KYIV: Italy coach Cesare Prandelli will select a team to face Spain in the Euro 2012 final in Kyiv’s Olympic Stadium which will enable him to vary his tactics during the game between a strategy relying on three or four defenders at different phases of play writes KEIR RADNEDGE.
In Group C Italy drew 1-1 with Spain in Gdansk in what was the opening game for both teams. The Italians had started with three defenders which provided the possibility of five men in midfield to counter Spain’s possession game.
Prandelli said, before Italy’s evening training session on the match pitch: “I am not going to say I will play with three defenders because, over the last few games, with four defenders, we have had a lot of balance in the side. However, we have learned that over the course of game we can switch to that system so we could have three at the back at some stage.”
He added: “Spain’s strength is not only in the way they maintain possession but in the way they win it back a long way from their own goal. We’ve got to be very good during the game and pick lour moments when we have a numerical superiority in some area of the pitch.
“We don’t expect to be in charge of the game from first to last minute but we know we can play our football when the chance arises.
“We’ve risked a little with our new style of play but, whatever the result here, we will need to keep on working in the same way. It’s a difficult route to take but we need to keep going down this path and it will eventually bear fruit.”
Prandelli said that the team had received an inspirational letter from Italy’s state President Giorgio Napolitano which he would read out to his players as a source of inspiration in the dressingroom before kick-off.
He said: “These are fantastic words from president. His letter to us conveys the idea of team spirit, determination and selflessness to us and the country and we hope we can live up to his expectations.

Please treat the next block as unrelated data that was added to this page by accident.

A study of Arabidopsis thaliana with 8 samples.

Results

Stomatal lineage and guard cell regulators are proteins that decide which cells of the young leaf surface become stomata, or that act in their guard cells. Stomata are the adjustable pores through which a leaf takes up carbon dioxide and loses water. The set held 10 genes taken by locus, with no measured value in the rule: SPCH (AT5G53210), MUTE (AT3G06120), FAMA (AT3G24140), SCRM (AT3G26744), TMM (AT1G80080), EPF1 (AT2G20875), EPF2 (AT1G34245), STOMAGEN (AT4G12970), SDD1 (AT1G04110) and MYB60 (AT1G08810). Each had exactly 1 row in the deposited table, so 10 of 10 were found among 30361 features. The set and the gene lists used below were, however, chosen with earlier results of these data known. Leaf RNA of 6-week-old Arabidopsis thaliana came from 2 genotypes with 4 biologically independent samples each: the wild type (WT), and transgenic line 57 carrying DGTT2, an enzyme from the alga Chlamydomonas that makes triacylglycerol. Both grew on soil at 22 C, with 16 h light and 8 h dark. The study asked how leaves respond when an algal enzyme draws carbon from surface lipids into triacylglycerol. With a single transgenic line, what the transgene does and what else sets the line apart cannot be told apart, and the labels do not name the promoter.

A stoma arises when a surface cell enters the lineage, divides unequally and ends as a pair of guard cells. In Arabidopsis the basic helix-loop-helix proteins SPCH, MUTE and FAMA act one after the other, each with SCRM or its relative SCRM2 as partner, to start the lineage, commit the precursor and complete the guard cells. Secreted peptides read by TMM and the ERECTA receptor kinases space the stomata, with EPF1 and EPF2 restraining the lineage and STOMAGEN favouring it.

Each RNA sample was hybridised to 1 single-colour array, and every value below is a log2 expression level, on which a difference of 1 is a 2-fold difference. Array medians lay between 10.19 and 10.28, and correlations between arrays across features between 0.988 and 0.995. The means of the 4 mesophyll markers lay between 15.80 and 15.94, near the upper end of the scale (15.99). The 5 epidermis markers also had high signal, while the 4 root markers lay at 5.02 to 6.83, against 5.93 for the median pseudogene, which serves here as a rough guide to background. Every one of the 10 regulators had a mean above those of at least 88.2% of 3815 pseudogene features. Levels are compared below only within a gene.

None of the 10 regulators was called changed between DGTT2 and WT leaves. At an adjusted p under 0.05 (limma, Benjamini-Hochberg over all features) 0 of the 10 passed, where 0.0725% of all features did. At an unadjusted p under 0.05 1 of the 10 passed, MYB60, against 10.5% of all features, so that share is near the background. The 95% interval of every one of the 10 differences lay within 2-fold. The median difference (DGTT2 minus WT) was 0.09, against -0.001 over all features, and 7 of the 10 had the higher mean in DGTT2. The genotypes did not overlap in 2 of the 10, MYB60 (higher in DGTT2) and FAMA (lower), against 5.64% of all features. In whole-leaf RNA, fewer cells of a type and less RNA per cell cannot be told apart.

Prandelli had particular words of praise for his strikers Antonio Cassano – who has recovered remarkably after a heart incident in midseason – and for three-goal top scorer Mario Balotelli.
He said: “I have not been surprised by Antonio Cassano’s form because we soon realised he has unbelievable determination to be one of the key players and he has worked very hard. I don’t think the illness has helped him improve but his son has been born and with becoming a father he’s taken on more responsibility.
“As for Mario, he’s found a set-up where he can talk to great champions who have won a lot, top players who have put in a lot to win these trophies. There comes a time when you need to be brave, to accept advice and situations like this when your responsibility becomes paramount.
“We were very clear with him – after the Croatia game we asked Mario to do certain things and he’s doing them very well.”
Buffon backs Balotelli
Prandelli’s praise for the Manchester City striker was echoed by captain Gianluigi Buffon. The veteran Juventus goalkeeper said: “Mario’s done very well so far because first and foremost he’s got great natural talent. He’s come into a squad with a lot of star players not only in footballing terms but stars in general.
“He’s also found a coach like ours who has managed to get the best out of him. So I think he deserves the most credit for this because he’s really worked hard and wanted to succeed – and credit should also go to the rest of the squad.”
Coach and captain were also diplomatic and respectful in their references to Spain.
Prandelli said: “Spain have been the best side in the world over the last few years. They have played their own way and stayed true to their footballing philosphy and we’ve always said they are the side to beat.”
Buffon agreed but expressed cautious confidence that Italy had the weapons to end the reign of Spain.
He said: “Spain have more chances of winning because they’ve been working together for four years and have a lot of trophies and self confidence and talent. Italy have been the surprise side in this tournament so let’s hope we can keep on being a surprise side.”
Buffon then went on to describe the power of the mental strength on which Italy can call.
He said: “There is something unique in the Italian mentality. Beyond all that’s been said, all the rumours you hear, Italians have a lot of respect and love for the national shirt which takes us beyond our physical limitations so we want to show just how great our country is – it’s not always easy but we find a way to develop solidarity among us. We all think along the same lines and that is our strength.”
Prandelli dismissed suggestions that Spain’s football had become boring.
He said: “I don’t think they’re boring. The only reason they have been criticised is that some people fear seeing the same side always winning. Spain’s football is not boring in any way.”